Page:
Feedback from the field in the development of Virve 2.0 – service design on land, underground, at sea and in the air
Since spring 2019, the work of Erillisverkot Service Designer, Reetta Siltasalmi-Kautto has included surveying the ways the current public safety network, Virve is used and related user experiences with methods of service design. In order to find out which parts of Virve work and which new features are needed, she has visited customers both on land, at sea and in the air.
For a telecommunications technology engineer, the development of Virve is a dream and a source of constant motivation. She is well versed in technology but finds that the methods of service design are the best way to approach practical considerations related to different use situations.
“Customers can explain their wishes when I pose questions, and I get to see the different conditions in which Virve is used. The conditions vary in different parts of Finland. For example, the needs are completely different in Lapland compared with the south. Virve must also work both in the subway and in a helicopter,” says Siltasalmi-Kautto.
“Voice services are considered very important and they will still be required in the future even as Virve 2.0 makes it possible to transmit image and data in real time. On the other hand, some customers wish for completely new kinds of solutions, such as smart watches, instant messaging applications and voice control of applications.”
The Virve 2.0 service is terminal device independent, meaning that different users can use the service with different terminal devices that fit their activities exactly as long as they have been approved by Erillisverkot and support priority features for the authorities. Examples of terminal equipment include mobile phones, sensors, computers and routers.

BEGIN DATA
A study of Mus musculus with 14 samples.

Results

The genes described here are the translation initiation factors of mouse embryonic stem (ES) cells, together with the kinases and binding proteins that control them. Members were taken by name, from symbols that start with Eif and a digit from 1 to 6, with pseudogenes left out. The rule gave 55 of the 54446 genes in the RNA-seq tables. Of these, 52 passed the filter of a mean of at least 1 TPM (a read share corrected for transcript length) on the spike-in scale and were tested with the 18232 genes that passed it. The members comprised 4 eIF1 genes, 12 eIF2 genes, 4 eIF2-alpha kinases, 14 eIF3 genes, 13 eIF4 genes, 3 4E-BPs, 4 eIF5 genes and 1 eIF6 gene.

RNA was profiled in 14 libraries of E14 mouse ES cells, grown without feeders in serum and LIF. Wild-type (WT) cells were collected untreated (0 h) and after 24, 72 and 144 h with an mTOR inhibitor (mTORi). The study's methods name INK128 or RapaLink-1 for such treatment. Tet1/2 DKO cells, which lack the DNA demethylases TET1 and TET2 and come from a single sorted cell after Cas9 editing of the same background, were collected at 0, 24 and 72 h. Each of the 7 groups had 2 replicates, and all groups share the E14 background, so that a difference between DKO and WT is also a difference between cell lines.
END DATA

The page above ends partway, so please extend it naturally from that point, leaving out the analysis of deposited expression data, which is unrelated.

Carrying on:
“The development of Virve 2.0 must take into account all the different use locations from subway trains to ships and from cities to mountains,” says Reetta Siltasalmi-Kautto.
Using all feedback channels
The development of Virve 2.0 started already in 2018, in cooperation with security operators and other actors critical for the security of supply. The diverse services of Virve 2.0 are developed and targeted for different user groups based on the received feedback.
“We have already discussed widely with our customers about the wishes they have for the new Virve 2.0 administrative radio network. In addition to service design, our account managers listen to the customers’ wishes and gather their views regarding the services, making sure that these are taken into account in the development. Next, we will send out a survey to different user groups,” says Harri Virtanen, Erillisverkot Head of Department of Customer Relationships.
Service design, surveys, interviews and discussions. These diverse ways of listening to customers have a clear objective.
“We try to make sure that the wishes and proposed changes are not just individual views by gathering various types of feedback. It is easier to form an overall picture of the most common development needs by gathering feedback in many different ways.”
“We want to gather wishes regarding Virve 2.0 development with a variety of methods to obtain a comprehensive overview,” says Harri Virtanen Head of Department of Customer Relationships for Erillisverkot.
Testing Virve 2.0 will start in 2021
Some customers of Erillisverkot will get to test the Virve 2.0 broadband connections already in 2021. The priority features aim to ensure that security critical operators will have sufficient bandwidth, for example, for transmitting video at the site of an accident or in large events. These days, bandwidth can get crowded because everyone who is present sends video simultaneously.
In late 2022, customers will get to test the new services, such as the new mission critical group video and voice call. The goal is to start using Virve 2.0 in 2023 but move customers to use it in stages. However, the completely optimised current Virve will not go offline quite then but will remain in use at least until 2025.
There is still plenty of development to do before the testing can commence.
“There are approximately 1,400 Virve customers and 44,000 subscriptions so we need plenty of time. We plan the schedule, budget and organisation of deployment together with the customer as well as pilots, training, operative use of the services and everything else required,” says Harri Virtanen.